More than a millennium ago, Celtic farmers observed Samhain (pronounced: SAH win). It’s a time of many rites and rituals, and the basis for today’s Halloween. One such practice was the return of one’s livestock from summer pasture to their winter barns. Before being penned, the animals were driven between two large bonfires to extract any demons or spirits that attached themselves to the animals during their six months of ranging. Now, I’m not advising everyone to pre-roast your chickens by herding them between bonfires (as if chickens could be herded), but I am indeed suggesting that our Celtic forebears set an excellent precedent: using the end of October as a marker for cold-weather measures. In early October, I start watching for lacy, frosted windowpanes, a stillness in the forests surrounding our property and that overall pale-wheat color to the land. Those are my signs that it’s time for me to bring chickens in.
Bring chickens in? Why kind of crazy talk is that? True, if you live in the southern United States, where the winter low might reach 50 degrees, there really is no need to change your birds’ outdoor routine. (Summer heat is a bigger concern.) If you live in northern regions, however, like those of you already dealing with snow in Montana and piercing winds in the Midwest and Rockies, bringing your birds in for the winter might be a good idea. There are different degrees of cold-weather sheltering, depending on how you raise your flock. The following four guidelines will help ensure that your chickens have a safe home for the winter holidays.
Foraging becomes pretty bleak during the winter months. Free-range birds find it increasingly difficult to subsist on what they find outside. With all but the evergreens losing their leaves, safe perches that obscure your birds from keen carnivorous eyes also become hard to find. The cold season is difficult for predators, too, as many of their main food sources hibernate or migrate to warmer climes. Free-ranging birds can become an irresistible target for winter-starved hunters. Protect your foragers by bringing them into a coop with an enclosed run for the winter months.
Chickens That Aren’t Cold-Hardy
We northerners can’t help ourselves sometimes. Beautiful heat-hardy birds just capture our attention. We add them to our flock, despite their being ill suited to our chilly environment. Because of their low body mass and their typically large combs and wattles, chicken breeds such as Sumatras, Japanese Bantams, Cubalayas, and Fayoumis have difficulty retaining heat as the cooler temps set in. These and other heat-hardy chickens need a draft-free, well-insulated, floored and heated home for the winter in regions where sub-zero temps and deep snow are commonplace. They are at higher risk for hypothermia than cold-hardy birds such as Wyandottes, Orpingtons and Plymouth Rocks. A penned-off section of a barn outfitted with roosts makes an ideal shelter for these warm-weather fowl.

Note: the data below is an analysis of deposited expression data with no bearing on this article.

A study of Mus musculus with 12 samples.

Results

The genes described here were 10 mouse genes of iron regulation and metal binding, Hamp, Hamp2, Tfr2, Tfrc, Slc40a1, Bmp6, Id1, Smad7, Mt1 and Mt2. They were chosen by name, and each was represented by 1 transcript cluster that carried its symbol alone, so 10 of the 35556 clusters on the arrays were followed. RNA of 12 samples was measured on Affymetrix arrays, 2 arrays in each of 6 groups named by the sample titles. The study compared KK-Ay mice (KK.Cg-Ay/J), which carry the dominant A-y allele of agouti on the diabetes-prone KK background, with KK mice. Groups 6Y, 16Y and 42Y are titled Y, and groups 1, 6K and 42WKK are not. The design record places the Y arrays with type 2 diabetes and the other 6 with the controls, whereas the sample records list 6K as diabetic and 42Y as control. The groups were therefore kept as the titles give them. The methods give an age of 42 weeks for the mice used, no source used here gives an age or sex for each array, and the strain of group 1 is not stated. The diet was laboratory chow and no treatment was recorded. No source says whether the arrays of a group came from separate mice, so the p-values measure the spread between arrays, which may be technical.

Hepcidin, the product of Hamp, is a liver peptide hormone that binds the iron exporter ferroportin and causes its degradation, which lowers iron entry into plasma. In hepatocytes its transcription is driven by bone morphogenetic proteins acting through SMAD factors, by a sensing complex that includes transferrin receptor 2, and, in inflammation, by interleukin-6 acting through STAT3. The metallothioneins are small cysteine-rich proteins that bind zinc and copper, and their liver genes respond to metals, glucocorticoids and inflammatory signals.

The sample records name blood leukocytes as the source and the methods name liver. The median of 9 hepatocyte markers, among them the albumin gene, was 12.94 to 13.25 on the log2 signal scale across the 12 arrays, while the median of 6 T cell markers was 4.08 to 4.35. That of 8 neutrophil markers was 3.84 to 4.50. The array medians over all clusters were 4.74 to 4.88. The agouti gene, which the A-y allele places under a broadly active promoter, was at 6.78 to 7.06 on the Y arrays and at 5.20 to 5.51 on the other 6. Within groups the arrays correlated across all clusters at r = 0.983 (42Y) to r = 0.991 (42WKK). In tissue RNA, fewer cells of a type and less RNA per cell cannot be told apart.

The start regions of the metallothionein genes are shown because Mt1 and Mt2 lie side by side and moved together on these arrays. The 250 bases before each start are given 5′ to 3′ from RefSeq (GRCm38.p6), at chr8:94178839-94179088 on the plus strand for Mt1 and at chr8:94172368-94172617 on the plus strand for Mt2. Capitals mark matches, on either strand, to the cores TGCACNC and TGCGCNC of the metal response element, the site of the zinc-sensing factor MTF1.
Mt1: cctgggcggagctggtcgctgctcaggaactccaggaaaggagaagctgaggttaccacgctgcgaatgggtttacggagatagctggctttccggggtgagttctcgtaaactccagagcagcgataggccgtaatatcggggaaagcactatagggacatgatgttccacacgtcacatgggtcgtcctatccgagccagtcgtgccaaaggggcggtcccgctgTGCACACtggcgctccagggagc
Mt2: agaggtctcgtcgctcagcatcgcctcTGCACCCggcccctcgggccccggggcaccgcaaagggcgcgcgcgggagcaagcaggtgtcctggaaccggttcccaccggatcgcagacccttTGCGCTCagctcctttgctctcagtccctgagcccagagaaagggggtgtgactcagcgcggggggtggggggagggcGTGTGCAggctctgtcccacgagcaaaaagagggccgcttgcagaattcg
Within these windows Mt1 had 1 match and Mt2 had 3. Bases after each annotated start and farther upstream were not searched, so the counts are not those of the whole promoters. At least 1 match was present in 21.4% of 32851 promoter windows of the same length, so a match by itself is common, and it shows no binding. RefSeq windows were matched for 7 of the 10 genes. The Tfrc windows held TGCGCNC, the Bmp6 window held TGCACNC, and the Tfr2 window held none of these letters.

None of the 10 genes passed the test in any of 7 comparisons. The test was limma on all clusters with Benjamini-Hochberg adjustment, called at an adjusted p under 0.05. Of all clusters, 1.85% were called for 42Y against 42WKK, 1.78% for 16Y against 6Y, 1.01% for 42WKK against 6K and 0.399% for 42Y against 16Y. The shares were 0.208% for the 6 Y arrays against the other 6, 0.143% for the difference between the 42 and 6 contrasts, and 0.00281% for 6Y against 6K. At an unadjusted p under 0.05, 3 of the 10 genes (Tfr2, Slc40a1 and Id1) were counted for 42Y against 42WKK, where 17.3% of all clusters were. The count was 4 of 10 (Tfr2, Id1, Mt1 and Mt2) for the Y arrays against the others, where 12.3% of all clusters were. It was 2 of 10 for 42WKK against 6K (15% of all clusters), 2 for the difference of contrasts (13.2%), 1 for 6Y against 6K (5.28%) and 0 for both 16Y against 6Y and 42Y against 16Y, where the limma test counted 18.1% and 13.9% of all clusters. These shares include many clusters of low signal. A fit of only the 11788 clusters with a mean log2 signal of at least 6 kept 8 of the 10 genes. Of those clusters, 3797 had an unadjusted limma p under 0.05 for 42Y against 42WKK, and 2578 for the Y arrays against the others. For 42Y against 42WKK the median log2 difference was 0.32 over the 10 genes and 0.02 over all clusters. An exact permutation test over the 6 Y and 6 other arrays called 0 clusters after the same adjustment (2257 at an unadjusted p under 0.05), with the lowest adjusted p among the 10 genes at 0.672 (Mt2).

The Fancily Feathered
Polish, Houdan, Silkies and other crested birds typically have a difficult time getting around thanks to their signature feather pouf, which cascades over their eyes and often obscures their vision. As a result, these chickens startle easily and frequently do not recognize potential hazards until it is too late. These troubles only worsen in winter. The birds often cannot see icy patches and are at serious risk of injury from slips and falls. In addition, ice crystals seem to thrive in the crests of these fancy breeds, potentially causing breakage and frostbite. Chickens with feathered feet, such as Faverolles, Dutch Booted Bantams and (again) Silkies, have similar feather-weather issues. Silkies are a case unto themselves, as their barbicel-less feathers offer poor insulation against bitter winter weather. If you raise fancy-feather fowl—especially to breed or for exhibition—a climate-controlled winter coop to which you can bring chickens in is de rigueur.
Anyone who has ever raised an Orpington, Silkie, Brahma or other mothering hen knows full well that a girl will go broody whenever and wherever she darned well pleases. In the middle of your patio construction site? Yep. In the pile of leaves you raked but hadn’t yet gathered up? Yep. In the middle of a January blizzard? Yep. They might not lay many eggs because of the reduced daylight, but what they lay, they brood. And while a broody hen by nature radiates high-body temperatures in order to incubate her eggs, she tends to weaken because of her limited nutritional intake coupled with her continual fueling of her high-body heat. In addition, there is always the possibility that her eggs can freeze, especially when the temperature drops below 0. Transfer your winter broody to a warm, comfortable winter brooder in your barn, shed or garage that can accommodate her and can expand to shelter her brood of chicks for the next few months.
Last Monday, I received a weather notification that the temperatures were expected to drop to 30 degrees overnight, so I decided it was time to bring chickens in. That afternoon, we were busy in the pole barn, turning on heating panels, adding fresh flaked shavings and preparing our winter brooder for our Silkies. Once the brooder reached a comfy 68 degrees F, we transferred our little puffballs from their movable chicken tractor to their toasty winter shelter. Sure enough, frost covered the windows and grass the next morning. No bonfires were involved, but we did bring our flock home for the holidays—and just in time.